December 14, 2022

Emerging regulatory trends in crypto assets

December 14, 2022

Given the growing adoption of blockchain technologies and their capabilities to potentially revolutionise processes and commerce, as we’ve seen with cryptocurrencies and non-fungible tokens, ongoing regulatory evolution and iteration is inevitable.  A clear example of the effective and controlled use of blockchain is the speed and ease of processing international payment transactions, which can now be done in minutes unlike a period of days that such transactions could have taken using more traditional methods. Equally meaningful as the decentralised finance solutions available to individuals and small businesses in developing and emerging markets, facilitating opportunities to borrow that would otherwise be unachievable given market inefficiencies.

Global Consistency

A globally consistent, comprehensive framework, based upon identified best practices, is essential to avoid regulatory arbitrage and ‘bad actors’ identifying loopholes to exploit. Regulatory certainty can support innovation, rather than inhibiting it. A key factor in any investment decision is trust – operating in a framework where there is clarity of potential returns and risks, legal certainty and order of operations and transparency of disclosure is essential to stimulate that trust.  

Clearly the processes involved in promoting, distributing, executing and reporting upon investment offerings may differ markedly in a Web3 environment, however key foundational controls currently being employment to mitigate risks, such as anti-money laundering reviews and a focus on positive customer outcomes, remain equally relevant. Innovation and pragmatism should be shown in designing frameworks that continue to mitigate these risks, whilst also continuing to avail of the attributes and benefits of the technology, to stimulate efficiency and choice. 

The proposals of the Financial Stability Board are a great example of the desire to achieve a coordinated and consistent approach however there is clearly much to be done, as demonstrated by the number of countries that have yet to implement the Financial Action Task Force’s travel rule on crypto. As witnessed with other global financial regulation, increasing harmonisation commonly results in more robust outcomes as well as often reducing the costs of compliance when operating across multiple jurisdictions.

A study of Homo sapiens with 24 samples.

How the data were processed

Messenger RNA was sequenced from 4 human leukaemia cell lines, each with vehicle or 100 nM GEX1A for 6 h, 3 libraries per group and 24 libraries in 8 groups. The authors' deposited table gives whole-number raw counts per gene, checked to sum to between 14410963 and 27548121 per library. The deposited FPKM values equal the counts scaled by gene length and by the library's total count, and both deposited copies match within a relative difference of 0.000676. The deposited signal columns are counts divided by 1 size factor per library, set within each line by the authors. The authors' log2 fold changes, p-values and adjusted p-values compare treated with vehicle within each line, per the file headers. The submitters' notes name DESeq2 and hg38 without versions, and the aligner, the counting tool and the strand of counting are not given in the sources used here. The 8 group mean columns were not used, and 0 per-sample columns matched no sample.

Current Developments

The demise of FTX has clearly sent shockwaves in the crypto asset market with U.S. Treasury Secretary, Janet Yellen, emphasising the need for effective regulation and consumer protection, describing it as a ‘Lehman moment’ for the sector however continuing to recognise the potential benefits that the technology has to offer.

This may be a telling parallel to draw further to the improvements in investor protection witnessed following the Global Financial Crisis of 2007-2008; particularly in areas such as comprehensively assessing the appropriateness and suitability of investments, ensuring a standardised and balanced disclosure of investment rewards and risk and further robustness in the segregation, stewardship and protection of client assets. Such standards appear pertinent to any investment offering and seem to present a clear direction of travel for the relevant elements of the crypto industry, with many participants already recognising this and therefore having framed their operational and risk frameworks to currently show due regard to these considerations. 

We’ve witnessed with interest the recent regulatory advances in Europe and the U.S.; with the E.U. releasing the Markets in Crypto-Assets (MiCA) provisional agreement and the U.S. releasing the Framework for International Engagement on Digital Assets. 

MiCa provides greater regulatory clarity as there had previously been no uniform framework across the E.U., with some member states having varying domestic legislation relating the crypto assets. 

The legislation intends to:

  • addresses the situation whereby many crypto assets fall outside the scope of E.U. financial services legislation with an absence of standards relating to many crypto activities; and
  • has particular focus on the operation of crypto platforms; regarding aspects such as administration and custody as well as any dealing or advisory activities associated with the platform. 

The new framework mandates that crypto-asset service providers must be authorised to operate within the Union and the passporting mechanism will allow service providers to expand their activities across Member States.

The developments above in the E.U. and the U.S. are reflective of a global trend in regulatory evolution, and we anticipate that this will continue to be a vibrant space in coming years.